Bedhead – Macha Loved Bedhead Bedhead Loved Macha EP

Bedhead
Macha Loved Bedhead Bedhead Loved Macha EP

It often happens in rock where the members of two bands will become friends. When they have similar styles of music, you might get common tours or maybe even a split release. It’s possible that some members will even contribute to the others’ recordings. Of course, it’s very seldom that one band will actually fall in love with another. But Macha, well, they and Bedhead just gaw-darnit love each other. And this is the result of their union of love.
Macha and Bedhead both play relatively similar styles of indie pop/rock. While Bedhead may focus a bit on the calmer, softer side and Macha on the rock side, it seems a natural that these two bands should work together. Matt and Bubba Kadane of Bedhead sent songs in progress – consisting mainly of drums and guitars but leaving plenty of holes – to their friends, Joshua and Mischo McKay of Macha in 1999. And Macha kindly filled in the gaps with their own unique stylings, creating a hodgepodge of beautiful indie pop songs that likely never would have come about by either band on their own.
“You and New Plastic” starts things off with a very light, tinkly percussion over a very dark and somewhat heavy background ambience. The vocals are breathy and airy, making this whole song take on texture and feeling of its own as it flows nearly perfectly. “Never Underdose” is a thing of life and beauty of its own, starting off slow and somber and slowly picking up. The drums don’t even kick in until 3 minutes, letting the plinking guitars and keyboard effects go on their own. The lyrics themselves don’t come in until the 4:20 mark, and they’re echoed and distorted so they are barely discernable, more of an additional instrument that adds to the lofty and atmospheric feel of this song. “Hey Goodbye” is a bit less atmospheric but no less lovely. In fact, it has a bittersweet loveliness in its intricate pop style, and it definitely is the most lovely and well-crafted song here. “Only the Bodies Survive” is perhaps the darkest song on the album, exuding desperation behind its somber, twinkly structure and the wash of keyboard effects. And then, after 80 five-second bits of odd noises (name, which is odd enough, “How Are Your Windows?”), you have a cover of Cher’s “Believe.” Ok, it sounds stupid, but this cover is far better than the original. It’s slowed down, and it uses the sound of dialing a phone as the main instrument. This, I swear, is what this song was intended to sound like.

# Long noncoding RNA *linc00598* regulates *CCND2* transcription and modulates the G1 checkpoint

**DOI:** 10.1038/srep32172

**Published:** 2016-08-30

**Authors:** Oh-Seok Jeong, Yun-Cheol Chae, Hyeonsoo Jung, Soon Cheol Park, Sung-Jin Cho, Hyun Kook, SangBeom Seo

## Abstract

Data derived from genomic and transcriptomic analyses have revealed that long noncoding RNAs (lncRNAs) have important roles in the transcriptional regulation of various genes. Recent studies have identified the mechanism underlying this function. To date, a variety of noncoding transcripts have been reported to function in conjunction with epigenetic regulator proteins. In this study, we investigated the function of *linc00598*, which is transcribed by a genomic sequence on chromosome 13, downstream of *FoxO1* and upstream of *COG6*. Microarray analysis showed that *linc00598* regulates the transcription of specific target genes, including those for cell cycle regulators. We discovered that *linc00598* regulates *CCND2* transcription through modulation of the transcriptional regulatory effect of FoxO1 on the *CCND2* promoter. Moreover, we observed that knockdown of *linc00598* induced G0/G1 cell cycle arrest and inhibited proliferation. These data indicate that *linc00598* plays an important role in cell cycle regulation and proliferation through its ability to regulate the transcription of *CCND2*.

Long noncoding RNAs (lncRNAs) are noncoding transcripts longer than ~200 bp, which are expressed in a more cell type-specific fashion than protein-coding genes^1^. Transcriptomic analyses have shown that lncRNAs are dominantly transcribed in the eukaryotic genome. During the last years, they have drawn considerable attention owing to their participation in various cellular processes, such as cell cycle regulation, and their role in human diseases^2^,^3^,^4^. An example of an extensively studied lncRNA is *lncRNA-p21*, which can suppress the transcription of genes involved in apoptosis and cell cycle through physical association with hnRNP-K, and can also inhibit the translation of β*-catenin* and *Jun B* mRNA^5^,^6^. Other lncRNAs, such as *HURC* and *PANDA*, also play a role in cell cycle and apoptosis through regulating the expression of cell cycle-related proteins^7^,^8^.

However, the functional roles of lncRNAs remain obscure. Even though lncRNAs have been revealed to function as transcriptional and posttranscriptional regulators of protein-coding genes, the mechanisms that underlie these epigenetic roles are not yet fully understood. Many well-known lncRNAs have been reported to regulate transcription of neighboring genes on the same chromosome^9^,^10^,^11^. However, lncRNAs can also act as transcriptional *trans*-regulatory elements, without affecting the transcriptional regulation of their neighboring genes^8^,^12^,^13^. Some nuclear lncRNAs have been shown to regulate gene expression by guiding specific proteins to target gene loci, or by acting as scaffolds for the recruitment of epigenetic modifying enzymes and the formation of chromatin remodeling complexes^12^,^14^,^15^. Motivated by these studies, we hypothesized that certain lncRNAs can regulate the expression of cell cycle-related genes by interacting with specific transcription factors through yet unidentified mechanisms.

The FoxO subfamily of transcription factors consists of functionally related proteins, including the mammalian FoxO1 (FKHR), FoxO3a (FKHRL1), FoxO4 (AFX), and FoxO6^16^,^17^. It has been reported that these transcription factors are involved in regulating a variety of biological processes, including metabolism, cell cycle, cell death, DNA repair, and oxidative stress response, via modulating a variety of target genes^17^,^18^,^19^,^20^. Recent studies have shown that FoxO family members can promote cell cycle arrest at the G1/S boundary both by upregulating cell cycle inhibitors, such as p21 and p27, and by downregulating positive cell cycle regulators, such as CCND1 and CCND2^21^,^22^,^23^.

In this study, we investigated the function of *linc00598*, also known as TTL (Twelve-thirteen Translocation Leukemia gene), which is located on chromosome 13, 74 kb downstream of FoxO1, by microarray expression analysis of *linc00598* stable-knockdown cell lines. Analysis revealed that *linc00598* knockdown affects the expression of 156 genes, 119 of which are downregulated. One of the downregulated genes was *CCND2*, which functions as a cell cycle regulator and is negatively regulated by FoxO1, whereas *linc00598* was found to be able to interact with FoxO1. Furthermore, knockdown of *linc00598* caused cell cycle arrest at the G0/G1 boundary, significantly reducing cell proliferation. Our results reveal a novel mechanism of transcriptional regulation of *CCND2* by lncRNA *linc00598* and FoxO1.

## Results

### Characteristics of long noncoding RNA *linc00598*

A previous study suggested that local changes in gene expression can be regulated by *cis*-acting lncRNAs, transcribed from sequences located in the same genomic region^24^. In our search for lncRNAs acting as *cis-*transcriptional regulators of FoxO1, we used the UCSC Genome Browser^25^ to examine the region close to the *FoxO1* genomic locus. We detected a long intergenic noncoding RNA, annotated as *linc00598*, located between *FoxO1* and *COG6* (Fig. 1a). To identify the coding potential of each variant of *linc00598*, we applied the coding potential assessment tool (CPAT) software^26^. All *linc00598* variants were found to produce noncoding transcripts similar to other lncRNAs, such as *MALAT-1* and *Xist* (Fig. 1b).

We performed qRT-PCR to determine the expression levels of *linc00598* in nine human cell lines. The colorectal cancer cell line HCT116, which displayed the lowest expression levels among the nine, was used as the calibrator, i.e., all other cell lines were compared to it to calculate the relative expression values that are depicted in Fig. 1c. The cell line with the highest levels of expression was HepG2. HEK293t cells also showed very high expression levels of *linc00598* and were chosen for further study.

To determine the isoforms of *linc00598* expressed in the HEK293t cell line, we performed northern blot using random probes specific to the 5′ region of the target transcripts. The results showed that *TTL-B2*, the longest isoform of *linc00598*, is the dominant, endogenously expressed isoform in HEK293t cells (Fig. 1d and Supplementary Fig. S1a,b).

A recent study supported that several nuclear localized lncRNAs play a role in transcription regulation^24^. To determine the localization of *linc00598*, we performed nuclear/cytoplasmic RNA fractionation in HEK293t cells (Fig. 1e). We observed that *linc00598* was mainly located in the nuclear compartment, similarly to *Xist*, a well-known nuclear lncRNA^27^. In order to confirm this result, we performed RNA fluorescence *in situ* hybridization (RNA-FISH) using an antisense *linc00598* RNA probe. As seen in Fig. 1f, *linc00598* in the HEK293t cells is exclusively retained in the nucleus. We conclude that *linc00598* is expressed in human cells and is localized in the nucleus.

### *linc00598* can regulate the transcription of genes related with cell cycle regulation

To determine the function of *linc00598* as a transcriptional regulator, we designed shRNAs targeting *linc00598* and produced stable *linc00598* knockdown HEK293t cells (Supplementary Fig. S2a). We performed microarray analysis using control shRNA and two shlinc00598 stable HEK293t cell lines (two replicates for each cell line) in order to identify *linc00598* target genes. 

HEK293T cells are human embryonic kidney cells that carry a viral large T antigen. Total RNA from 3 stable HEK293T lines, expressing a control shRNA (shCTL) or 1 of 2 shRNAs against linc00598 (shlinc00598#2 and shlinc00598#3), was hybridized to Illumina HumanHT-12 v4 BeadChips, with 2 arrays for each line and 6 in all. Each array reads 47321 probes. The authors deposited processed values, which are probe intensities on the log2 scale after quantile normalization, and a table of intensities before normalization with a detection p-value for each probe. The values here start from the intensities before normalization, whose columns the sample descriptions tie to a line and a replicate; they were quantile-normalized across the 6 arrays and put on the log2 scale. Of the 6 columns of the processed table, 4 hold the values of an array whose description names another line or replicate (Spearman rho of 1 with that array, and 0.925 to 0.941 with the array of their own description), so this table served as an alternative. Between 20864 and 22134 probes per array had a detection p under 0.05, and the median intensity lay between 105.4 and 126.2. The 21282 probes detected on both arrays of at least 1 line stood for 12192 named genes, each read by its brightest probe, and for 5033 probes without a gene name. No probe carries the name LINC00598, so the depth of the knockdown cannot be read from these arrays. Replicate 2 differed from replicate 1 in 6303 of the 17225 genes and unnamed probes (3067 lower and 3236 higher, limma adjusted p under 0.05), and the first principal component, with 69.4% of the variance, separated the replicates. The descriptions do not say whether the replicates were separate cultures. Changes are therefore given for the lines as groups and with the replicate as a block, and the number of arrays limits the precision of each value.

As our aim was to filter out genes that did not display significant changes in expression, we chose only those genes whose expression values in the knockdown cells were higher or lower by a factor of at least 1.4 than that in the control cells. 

After all these songs came about but before the release of this split EP, Bedhead split up, hence the “Loved” designation in the album title. That’s unfortunate, because I could see a lot of collaboration in these bands’ futures. Still, you’re left with substantial quality work by both bands and one split work, composed out of love and an equal collaboration, that these bands can use to remember each other and we can use just to enjoy.